June 8, 2011: Outgoing ACCC chairman Graeme Samuel is encouraging consumers to approach the ACCC if they feel their rights under the beefed-up Australian Consumer Law have been infringed by retailers.
Mr Samuel (pictured right) fronted ABC Radio’s PM current affairs program last night (Tuesday, June 7) emphasising that the new laws increase retailers’ – rather than manufacturers’ – obligations.
‘The consumers’ guarantees now effectively provide protection to consumers from retailers, and they come from retailers, that can last for so long as it’s deemed appropriate under the consumer guarantee provisions, and that will depend upon the nature of the product concerned, the nature of its normal use and, importantly, the intended use by the consumer in acquiring the product itself,’ he told the ABC.
‘And so sometimes you’ll see manufacturers’ warranties that may only be for three, six or 12 months in total, whereas the retailers’ guarantee under the consumer guarantees can sometimes extend beyond that, having regard to the nature of the product and its intended use.’
Plasma screens were nominated as an example of a product which may attract a longer period of obligation from retailers:
Reporter: So if your TV breaks after a year and a day you shouldn’t chuck it out, you should still go back to your retailer and push for some kind of action?
Mr Samuel: I think that’s a very good example; that if, say, a plasma screen or a refrigerator, for example, or a washing machine [breaks down out of warranty period], we should go back to the retailer.
– Presumably, well-known brand cameras would also fall into this category – and as Australian retail pricing is at a premium on international pricing, arguing that the product was originally ‘cheap’ may be challenging.
Samuel said the ACCC has so far be focussing on ‘circumstances where retailers are representing to consumers that they have more limited rights than are currently available under the law.
‘…so that they’re not beguiled into believing, or misled into believing through even the lack of information that their only right is that, for example, of the printed manufacturer’s warranty.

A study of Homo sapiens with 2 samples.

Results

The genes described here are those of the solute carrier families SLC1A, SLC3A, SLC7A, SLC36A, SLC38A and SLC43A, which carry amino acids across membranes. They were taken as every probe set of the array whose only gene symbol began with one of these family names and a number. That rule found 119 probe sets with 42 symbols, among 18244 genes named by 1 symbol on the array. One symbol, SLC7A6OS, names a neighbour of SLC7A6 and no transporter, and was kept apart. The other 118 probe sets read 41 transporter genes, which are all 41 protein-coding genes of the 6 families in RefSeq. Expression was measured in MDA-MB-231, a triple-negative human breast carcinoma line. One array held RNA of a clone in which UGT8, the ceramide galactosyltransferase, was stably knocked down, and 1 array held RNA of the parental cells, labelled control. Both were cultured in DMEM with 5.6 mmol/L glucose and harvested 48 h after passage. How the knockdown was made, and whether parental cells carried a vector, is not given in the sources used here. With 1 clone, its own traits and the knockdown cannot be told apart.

‘They have rights now under the Australian Consumer Law. They ought to enforce those rights.’
He said that ‘if we find that a retailer is not honouring the obligations imposed on the retailer under the consumer guarantee provisions of the Australian Consumer Law then the ACCC will take action to deal with those issues.’
He encouraged consumers with any concerns to either contact the Office of Fair Trading in their state or territory or alternatively call the ACCC’s Infocentre line.
The ACCC has already begun to flex its newly-acquired ACL muscle, boasting of some $3.6 million in penalties during the first 12 months of new consumer protection laws.
‘Until a year ago, the ACCC’s ability to penalise a great deal of dishonest conduct amounted to not much more than a slap on the wrist,’ Samuel told the National Consumer Congress annual conference this week.
‘Now the punishments can better match the crime and we can respond in a more timely way.’
The bulk of the $3.6 million in penalties comes from two fines totally $2.7 million, against Yellow Page Marketing and Yellow Publishing Limited.
‘As greater use is made of the new powers and penalties they will become a deterrent to others, thereby increasing compliance with the law,’ he said.
Harvey stores don’t Playsport fair: ACCC
Six West Australian Harvey Norman franchisees have each paid an ‘on rthe spot’ infringement notice for advertising the Kodak ‘Playsport’ pocket video camera when they did not stock the camera.
The ACCC announced this week it had issued infringement notices because it had reasonable grounds to believe the franchisees had engaged in ‘bait advertising’ in contravention of section 56(2) of the Trade Practices Act 1974 by advertising the camera in a catalogue when they were unable to supply the product to consumers.
These infringement notices operate not unlike ‘on-the-spot’ speeding fines, in that the assessment of wrong-doing is made by the enforcement agency rather than the courts.
‘Promotional material must be accurate and there must be adequate stock of the advertised product to meet reasonable demand, otherwise businesses risk bait advertising, which is illegal,’ said Mr Samuel.
The six West Australian Harvey Norman franchisees each paid the infringement notice of $6600 rather than defend the matter.
Once an infringement notice penalty is paid, the ACCC cannot begin court proceedings over the alleged contravention. Even though t.he payment of an infringement notice penalty is not an admission of a contravention of the Act, it’s a way of avoiding the no doubt expensive alternative of meeting the ACCC in court.